The Impact of Insect Loss
Senior Editor, UK | Southsea, United Kingdom | Contactable via charlotte@livekindly.com

Charlotte has an upper second class honors in History from Oxford Brookes University and a postgraduate certificate in Cultural Heritage from Winchester University. She loves music, travel, and animals. Charlotte resides on the South coast of the UK.

More than one million Bavarians have signed a petition to save bees and other insects with new farming restrictions.

The four-page petition proposes amendments to Bavaria’s nature protection law, according to National Geographic, altering how farming is allowed to take place in the southern German state.

One of the most significant amendments proposed is that by 2030, 30 percent of Bavaria’s agricultural land should be farmed without the use of pesticides or fertilizers, which are detrimental to bee and other insect populations.

Another amendment urges for the preservation of grasslands, such as pastures and meadows, so that they cannot be converted into agricultural plots. The document also proposes that 10 percent of all meadows should be unmown until the middle of June, allowing wildflowers to bloom for the benefit of insects.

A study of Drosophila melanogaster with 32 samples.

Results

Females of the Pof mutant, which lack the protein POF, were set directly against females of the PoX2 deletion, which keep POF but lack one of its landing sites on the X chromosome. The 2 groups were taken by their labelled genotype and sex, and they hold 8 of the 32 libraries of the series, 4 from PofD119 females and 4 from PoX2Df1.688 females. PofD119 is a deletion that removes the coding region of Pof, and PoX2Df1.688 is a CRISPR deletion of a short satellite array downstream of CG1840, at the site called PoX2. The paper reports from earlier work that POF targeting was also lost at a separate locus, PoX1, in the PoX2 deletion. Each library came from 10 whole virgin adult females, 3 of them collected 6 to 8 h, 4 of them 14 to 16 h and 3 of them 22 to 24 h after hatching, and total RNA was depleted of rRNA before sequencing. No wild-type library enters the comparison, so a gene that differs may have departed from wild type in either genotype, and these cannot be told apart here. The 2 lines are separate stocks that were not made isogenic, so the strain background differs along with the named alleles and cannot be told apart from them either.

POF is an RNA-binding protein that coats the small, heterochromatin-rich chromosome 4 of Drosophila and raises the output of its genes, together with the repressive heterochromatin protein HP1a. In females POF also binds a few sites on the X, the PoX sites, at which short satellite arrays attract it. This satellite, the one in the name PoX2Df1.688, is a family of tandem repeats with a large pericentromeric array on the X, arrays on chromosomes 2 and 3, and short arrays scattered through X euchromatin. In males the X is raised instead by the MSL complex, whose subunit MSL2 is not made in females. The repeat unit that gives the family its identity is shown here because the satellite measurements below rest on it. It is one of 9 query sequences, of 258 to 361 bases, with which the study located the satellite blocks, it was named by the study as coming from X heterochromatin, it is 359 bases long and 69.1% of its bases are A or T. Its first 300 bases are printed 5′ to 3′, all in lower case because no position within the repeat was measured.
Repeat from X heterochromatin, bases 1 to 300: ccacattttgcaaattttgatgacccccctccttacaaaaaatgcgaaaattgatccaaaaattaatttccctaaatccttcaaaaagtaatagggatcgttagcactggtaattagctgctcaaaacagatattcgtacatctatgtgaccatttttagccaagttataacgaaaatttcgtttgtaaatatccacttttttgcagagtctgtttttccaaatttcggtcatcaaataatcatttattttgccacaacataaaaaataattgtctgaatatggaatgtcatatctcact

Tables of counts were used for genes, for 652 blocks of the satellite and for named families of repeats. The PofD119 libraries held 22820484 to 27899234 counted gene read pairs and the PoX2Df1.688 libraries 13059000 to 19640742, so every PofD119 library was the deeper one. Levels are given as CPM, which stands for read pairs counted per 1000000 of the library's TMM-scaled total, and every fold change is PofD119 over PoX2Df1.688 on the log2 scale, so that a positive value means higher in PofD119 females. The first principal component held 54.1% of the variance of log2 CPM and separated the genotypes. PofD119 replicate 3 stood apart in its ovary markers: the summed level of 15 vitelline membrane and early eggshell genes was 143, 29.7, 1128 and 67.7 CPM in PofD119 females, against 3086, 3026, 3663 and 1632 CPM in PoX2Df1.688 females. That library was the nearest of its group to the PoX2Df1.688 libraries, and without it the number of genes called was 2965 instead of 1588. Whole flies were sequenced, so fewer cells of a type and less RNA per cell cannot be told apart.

Speaking about the popularity of the petition, Hammelburg’s Green Party politician, Hans-Josef Fell, said, “In Bavaria, there are many people who are actively engaged in protecting nature.”

He continued, “They all see that humans are causing a dramatic disappearance of species in the world, the likes of which haven’t occurred on the planet since the extinction of the dinosaurs. They all want to counter that loss of biodiversity.”

The Impact of Insect Loss

According to a review published in the journal Biological Conservation, 40 percent of insect species are currently at risk of extinction. Habitat loss caused by intensive agriculture is one leading cause and climate change, pesticides, and fertilizers are also major contributing factors.

The loss of insects would be detrimental to humanity. Bees, in particular, are responsible for pollinating an enormous amount of crops; two percent of the population pollinates 80 percent of crops around the world. Without bees, vegetables, apples, blueberries, and other fruits that humans rely on for food would disappear.

Scientists at the University of Helsinki are working on ways to save the bees, including a vaccine to protect them from bacterial diseases that wipe out huge numbers.

“We might be right now at a tipping point,” said lead scientist on the project Dalial Freitak. “Without even realizing it. We’ve been taking the pollination services for granted for so long. These insects are not there, they are disappearing.”

Due to the number of signatures accumulated on the Bavarian petition, the state legislature must now either enact the proposed amendments or propose an alternative. The final choice will go to a referendum later this year.